As a disc golfer, I have slowly developed my skills by playing on a regular basis and learning all the discs in my bag and how they fly.
Nobody told me I’d have to do the same thing with minis.
As if it wasn’t enough to play disc golf with regular discs, now I have to learn how to throw my mini?
I was recently invited to play some mini disc courses in Pennsylvania. After doing some YouTube research, I found some short movies on how to throw a mini. I also received some helpful advice from New Jersey-based professional Bob Graham.
Add those things together and I was able to throw the minis exceptionally far.
As a bit of a disc junkie, I have accumulated quite a few different minis. And they all seemed to do different things, so I got wondering — are there mini bags? I searched the internet and found some bags for minis, but most of them were plain and simple.
As a gadget person, I like a bag with pockets and places to put things. The mini bags I found online didn’t really spark my interest.
So I decided to make my own.
But what to use?
I have been dying discs recently and during one of my dying days, I spilled red dye on my camouflage cargo pants.Figuring they might be ruined, I took them off and dipped them in the dye to see what would happen. They looked OK, but I wasn’t crazy about the color.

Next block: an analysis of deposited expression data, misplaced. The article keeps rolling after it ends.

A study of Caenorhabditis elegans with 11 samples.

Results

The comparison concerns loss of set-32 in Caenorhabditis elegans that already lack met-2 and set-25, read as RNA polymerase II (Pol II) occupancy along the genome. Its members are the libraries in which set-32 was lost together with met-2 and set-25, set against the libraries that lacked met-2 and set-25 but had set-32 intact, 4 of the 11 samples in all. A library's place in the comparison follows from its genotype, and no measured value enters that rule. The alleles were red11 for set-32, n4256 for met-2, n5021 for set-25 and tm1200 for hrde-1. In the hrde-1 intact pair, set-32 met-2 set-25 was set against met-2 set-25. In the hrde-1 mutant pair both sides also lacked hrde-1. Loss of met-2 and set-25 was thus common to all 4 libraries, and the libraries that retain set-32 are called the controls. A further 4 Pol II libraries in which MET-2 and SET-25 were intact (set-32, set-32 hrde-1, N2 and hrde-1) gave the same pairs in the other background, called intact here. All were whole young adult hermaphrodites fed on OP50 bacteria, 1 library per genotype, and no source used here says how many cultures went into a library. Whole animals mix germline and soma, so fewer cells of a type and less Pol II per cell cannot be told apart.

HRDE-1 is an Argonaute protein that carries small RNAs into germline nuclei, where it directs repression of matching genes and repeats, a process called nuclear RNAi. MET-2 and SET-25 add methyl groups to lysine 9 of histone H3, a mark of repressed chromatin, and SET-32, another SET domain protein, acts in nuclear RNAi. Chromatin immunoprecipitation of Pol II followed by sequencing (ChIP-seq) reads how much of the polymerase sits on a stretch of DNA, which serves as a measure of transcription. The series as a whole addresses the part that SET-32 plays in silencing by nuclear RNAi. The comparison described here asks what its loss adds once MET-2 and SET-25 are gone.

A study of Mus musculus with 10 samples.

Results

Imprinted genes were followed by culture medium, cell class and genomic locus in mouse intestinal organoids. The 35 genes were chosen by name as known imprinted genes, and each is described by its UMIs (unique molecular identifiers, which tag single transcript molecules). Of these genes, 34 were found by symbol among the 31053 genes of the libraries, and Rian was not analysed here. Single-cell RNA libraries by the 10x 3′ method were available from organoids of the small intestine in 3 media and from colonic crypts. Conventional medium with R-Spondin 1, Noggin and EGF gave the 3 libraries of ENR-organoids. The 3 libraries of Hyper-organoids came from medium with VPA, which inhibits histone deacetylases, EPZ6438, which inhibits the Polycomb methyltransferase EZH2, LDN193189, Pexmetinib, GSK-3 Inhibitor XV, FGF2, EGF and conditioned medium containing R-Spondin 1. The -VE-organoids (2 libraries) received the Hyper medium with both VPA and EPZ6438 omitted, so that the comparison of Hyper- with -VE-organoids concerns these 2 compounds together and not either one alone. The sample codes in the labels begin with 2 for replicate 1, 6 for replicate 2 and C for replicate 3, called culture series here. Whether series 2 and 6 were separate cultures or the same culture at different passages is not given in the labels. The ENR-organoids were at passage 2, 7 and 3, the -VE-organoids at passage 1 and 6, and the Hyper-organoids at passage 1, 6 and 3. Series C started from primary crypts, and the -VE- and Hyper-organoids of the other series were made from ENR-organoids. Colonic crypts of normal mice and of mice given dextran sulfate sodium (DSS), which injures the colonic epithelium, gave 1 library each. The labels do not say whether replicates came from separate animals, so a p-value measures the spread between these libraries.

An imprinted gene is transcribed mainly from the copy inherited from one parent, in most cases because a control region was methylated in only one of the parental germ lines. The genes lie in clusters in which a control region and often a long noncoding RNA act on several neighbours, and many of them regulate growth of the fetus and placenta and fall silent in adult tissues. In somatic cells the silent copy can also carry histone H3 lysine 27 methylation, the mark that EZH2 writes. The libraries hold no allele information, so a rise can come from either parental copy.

That’s all important to note because I was trying to think about what I could use for the mini bag.
I looked around my shop in search of material — maybe some canvas or an old jacket or something along those lines. Nothing I found really interested me or made me think it would make a good mini bag. I had to think a bit more.
Then I remembered the red cargo shorts.
Reverting back to home economics class — something I didn’t think I’d ever use again– I pulled out my wife’s sewing machine and got to work. I cut the back pocket and cargo pocket off and sewed them together. I used the belt loops as strap holders and used a piece of plastic inside the bottom as a holder for the discs.
It didn’t take too long and just like that I had a mini bag.
The bag passed the test, too, as we played six mini courses in Lancaster County, Pa., this past weekend and the bag carried all my minis throughout the day. Even as we added a few discs throughout the day, the bag held everything and remained sturdy and easy to carry.
In the end, the bag easily was a success and it will become something I carry with me whenever playing a round of mini.
Darren Dolezel is the resident creative guy at Rattling Chains. He often finds odd objects to turn into items useful for disc golf. He’ll share these items occasionally at Rattling Chains. If you have an idea you think Darren should try, e-mail him at: darren [at] rattlingchains.com.